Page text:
Effect of High Voltage in Transmission System

       Looking at the advantages and disadvantages of the two systems, it can be conclude that high voltage transmission is advantageous. Let us steady the effect of increased voltage level of transmission on
1. Volume of copper used for transmission
2. Efficiency of the line
3. The line voltage drop
1.1 Effect of High Voltage on Volume of Copper
        Let a three phase a.c. system is used for the transmission. The various parameters are,
                P = Power transmitted in KW
               V = Line voltage in volts
               cosΦ = Power factor of load
                = Length of line in meters
               A = Area of cross-section of conductor in square meters
               ρ = Resistivity of conductor material
               R = Resistance per conductor in Ω
               The resistance per conductor is given by,

       The load current I can be obtained as,

       The total copper losses are,

       The volume of copper used is,
       Vol = 3 A 

       It can b seen from the equation (6) that the volume of copper required is inversely proportional to the square of the transmission voltage and the power factor, for given P, W, ρ and   l .
       Thus greater is the transmission voltage level, lesser is the volume of copper required i.e. the weight of copper used for the conductors. The conductor material required is less, for higher transmission voltage.
1.2 Effect of High Voltage on Line Efficiency.
       The power input to the line cab be written as,
       Pin = Pout +  Losses
       Now is Pout  as considered above while the losses are given by the equation (4).

       Let         J = Current density of conductor in A/m2
...                  J = I/A

       Using equation (2) in equation  (9),

       The line efficiency is given by,
        Line efficiency   η = Output/Input

       Mathematically above equation can be approximately written, using Binomial theorem as,

       So for constant values of ρ ,  and J, the equation (12) shows that line efficiency is higher for higher transmission voltages.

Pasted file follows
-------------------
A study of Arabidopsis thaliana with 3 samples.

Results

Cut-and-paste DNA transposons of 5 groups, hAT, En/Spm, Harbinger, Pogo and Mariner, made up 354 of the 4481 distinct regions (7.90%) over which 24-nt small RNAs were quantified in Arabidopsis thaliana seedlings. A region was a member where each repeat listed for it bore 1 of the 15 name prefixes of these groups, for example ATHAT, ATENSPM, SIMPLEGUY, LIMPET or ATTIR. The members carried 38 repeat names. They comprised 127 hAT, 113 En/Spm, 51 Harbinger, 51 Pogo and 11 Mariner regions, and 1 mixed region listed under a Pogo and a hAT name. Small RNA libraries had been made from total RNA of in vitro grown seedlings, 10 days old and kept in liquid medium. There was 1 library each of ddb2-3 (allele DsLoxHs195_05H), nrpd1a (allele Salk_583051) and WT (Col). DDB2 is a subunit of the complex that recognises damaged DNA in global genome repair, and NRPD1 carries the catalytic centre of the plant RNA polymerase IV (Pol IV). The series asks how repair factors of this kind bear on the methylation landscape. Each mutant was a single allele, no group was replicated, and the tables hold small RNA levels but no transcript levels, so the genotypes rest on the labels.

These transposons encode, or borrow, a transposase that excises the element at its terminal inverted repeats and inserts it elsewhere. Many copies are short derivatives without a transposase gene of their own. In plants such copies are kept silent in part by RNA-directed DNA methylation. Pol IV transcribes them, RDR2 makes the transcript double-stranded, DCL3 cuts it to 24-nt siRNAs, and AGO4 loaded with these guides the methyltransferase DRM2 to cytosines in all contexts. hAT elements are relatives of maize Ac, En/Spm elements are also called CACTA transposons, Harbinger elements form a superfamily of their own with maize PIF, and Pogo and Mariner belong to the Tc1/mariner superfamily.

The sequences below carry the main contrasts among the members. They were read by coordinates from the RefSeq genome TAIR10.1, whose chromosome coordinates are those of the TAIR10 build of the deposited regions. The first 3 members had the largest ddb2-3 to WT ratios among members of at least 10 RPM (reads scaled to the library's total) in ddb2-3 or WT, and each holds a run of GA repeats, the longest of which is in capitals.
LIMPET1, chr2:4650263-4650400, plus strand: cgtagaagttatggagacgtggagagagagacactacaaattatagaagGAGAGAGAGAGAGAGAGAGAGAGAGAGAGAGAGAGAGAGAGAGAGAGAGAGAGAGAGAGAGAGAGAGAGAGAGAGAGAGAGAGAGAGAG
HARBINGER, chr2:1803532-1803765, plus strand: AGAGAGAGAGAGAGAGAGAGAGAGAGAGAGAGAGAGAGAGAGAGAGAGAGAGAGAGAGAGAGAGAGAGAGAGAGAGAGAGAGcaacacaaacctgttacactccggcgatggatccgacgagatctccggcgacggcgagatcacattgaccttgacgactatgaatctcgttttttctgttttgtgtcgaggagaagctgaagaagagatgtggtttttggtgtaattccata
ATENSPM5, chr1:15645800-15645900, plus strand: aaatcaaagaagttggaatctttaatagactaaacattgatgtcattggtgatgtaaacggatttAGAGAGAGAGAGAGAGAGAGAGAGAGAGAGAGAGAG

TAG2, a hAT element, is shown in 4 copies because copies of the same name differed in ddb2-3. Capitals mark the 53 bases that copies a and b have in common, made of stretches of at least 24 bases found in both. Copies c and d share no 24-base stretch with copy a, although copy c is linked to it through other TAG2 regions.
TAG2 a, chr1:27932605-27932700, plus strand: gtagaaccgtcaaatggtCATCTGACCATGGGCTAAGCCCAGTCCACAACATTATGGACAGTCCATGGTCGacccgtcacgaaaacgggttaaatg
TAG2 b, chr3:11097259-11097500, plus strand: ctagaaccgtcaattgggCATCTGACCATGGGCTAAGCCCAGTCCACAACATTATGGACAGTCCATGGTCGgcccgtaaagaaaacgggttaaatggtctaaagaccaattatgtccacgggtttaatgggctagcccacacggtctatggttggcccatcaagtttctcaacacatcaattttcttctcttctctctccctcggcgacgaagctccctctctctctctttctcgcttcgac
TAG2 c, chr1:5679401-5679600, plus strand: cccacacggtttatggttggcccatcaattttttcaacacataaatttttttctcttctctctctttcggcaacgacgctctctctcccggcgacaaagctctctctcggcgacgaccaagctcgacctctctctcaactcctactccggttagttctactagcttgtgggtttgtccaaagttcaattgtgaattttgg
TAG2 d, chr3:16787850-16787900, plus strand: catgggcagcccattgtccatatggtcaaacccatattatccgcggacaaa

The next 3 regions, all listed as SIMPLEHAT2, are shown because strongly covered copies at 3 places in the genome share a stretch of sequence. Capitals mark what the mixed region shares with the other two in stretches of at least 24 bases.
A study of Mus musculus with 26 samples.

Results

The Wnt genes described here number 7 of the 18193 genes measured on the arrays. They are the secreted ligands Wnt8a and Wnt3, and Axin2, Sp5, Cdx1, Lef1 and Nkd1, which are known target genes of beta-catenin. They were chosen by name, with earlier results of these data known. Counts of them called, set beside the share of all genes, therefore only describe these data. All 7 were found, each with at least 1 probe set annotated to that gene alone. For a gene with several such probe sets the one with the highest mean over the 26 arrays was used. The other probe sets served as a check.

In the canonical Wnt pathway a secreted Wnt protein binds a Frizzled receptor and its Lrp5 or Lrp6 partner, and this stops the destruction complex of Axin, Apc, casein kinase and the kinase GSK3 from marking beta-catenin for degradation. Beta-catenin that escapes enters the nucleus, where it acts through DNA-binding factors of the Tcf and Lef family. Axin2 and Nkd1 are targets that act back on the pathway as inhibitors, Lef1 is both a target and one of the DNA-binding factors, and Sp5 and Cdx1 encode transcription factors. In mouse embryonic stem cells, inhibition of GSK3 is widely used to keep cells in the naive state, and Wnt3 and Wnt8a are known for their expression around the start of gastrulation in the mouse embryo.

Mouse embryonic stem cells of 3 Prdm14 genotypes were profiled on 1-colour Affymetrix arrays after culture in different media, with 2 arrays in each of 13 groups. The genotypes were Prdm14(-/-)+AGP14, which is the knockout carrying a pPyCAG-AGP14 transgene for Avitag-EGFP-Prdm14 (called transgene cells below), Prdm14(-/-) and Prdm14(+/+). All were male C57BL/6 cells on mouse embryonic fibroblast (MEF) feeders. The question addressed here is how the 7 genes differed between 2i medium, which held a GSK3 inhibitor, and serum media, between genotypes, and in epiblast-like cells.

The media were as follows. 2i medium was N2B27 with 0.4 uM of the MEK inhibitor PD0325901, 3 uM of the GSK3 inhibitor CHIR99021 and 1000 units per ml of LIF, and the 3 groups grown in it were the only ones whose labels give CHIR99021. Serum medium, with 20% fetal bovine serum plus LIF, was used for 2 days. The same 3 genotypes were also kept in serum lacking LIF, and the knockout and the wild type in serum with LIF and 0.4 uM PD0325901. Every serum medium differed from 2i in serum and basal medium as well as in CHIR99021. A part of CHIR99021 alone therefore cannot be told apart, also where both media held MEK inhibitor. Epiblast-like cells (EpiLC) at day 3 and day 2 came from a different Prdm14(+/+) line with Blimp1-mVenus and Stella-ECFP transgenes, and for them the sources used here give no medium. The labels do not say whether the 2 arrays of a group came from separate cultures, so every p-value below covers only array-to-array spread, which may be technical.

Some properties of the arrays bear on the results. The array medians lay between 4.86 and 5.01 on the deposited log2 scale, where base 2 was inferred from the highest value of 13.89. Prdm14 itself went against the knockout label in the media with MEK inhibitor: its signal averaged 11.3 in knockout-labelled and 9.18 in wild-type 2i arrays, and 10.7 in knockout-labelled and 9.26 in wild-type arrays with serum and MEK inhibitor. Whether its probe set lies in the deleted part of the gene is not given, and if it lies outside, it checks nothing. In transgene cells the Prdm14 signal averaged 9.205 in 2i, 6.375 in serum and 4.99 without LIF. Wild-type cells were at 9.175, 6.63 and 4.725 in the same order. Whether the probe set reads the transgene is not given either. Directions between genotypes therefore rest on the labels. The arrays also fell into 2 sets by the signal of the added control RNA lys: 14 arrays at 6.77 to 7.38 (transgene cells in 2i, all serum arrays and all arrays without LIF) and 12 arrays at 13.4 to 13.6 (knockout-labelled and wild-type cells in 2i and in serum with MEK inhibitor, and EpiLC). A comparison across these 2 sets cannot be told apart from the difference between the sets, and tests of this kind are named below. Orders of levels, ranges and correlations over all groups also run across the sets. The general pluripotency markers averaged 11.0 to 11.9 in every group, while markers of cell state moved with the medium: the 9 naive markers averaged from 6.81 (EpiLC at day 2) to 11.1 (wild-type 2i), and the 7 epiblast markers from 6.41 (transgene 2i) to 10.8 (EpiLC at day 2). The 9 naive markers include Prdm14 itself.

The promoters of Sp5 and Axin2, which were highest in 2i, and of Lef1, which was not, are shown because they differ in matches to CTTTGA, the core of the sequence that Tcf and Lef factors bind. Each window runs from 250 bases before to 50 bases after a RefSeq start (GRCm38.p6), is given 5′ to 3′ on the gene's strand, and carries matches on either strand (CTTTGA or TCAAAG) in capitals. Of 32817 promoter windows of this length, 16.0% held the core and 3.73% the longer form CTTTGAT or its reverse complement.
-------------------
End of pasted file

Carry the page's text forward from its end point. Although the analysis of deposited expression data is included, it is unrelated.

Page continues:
1.3 Effect of High Voltage on Line Drop
       Line drop = I x R
       Using equation (1),

        The equation (14) shows that higher is the transmission voltage level, lesser is the percentage line drop.
1.4 Advantages of High Voltage Transmission
       Summarizing the above discussion, the advantages of high voltage transmission can be stated as,
1. The line losses are inversely proportional to the square of voltage and power factor. So line losses are less.
2. For constant losses, the volume of copper required is inversely proportional to the square of the voltage and power factor. Hence the copper required is much less for high voltage transmission.
3. For constant current density, the line efficiency is very for high voltage transmission.
4. The percentage line drop is very small for the high voltage transmission.
       It may be noted that along with the voltage level, the power factor also plays an important role. Higher power factor also gives less losses, reduced volume of copper and increased line efficience. Hence consumers are always recommanded to maintain high power factor values.
1.5 Disadvantages of High Voltage
       Though high voltage transmission offers number of advantages, very high voltage transmission is not practically possible. There is a limit to increase the level of transmission voltage. The high voltage transmission has following limitations.
1. Higher the transmission voltage, higher is the insulation required which can cause problems in connection with conductor supports and clearance between the conductors.
2. Higher insulation means high cost.
3. The cost of transformers, switchgear and other equipments is also high for high voltages.
4. Higher the voltage, sever is the corona effect.
       Thus a compromise is necessary to select a transmission voltage. The insulation and other cost must be compensated by reduction in cost due to copper saving.
1.6 Practical Transmission and distribution Voltage Levels
       Considering the advantages and limitations of high voltage and economical aspects, the following voltage levels are commonly used for the transmission and distribution.
1. For generation : 6.6 KV, 11 KV , 22 KV or 33 KV.
2. For primary transmission : 66 KV, 132 KV, 220 KV upto 400 KV.
3. For secondary transmission : 11 KV , 22 KV or 33 KV
4. For primary distribution : 6.6 KV or 11 KV.
5. For secondary distribution : 230 V and 400 V.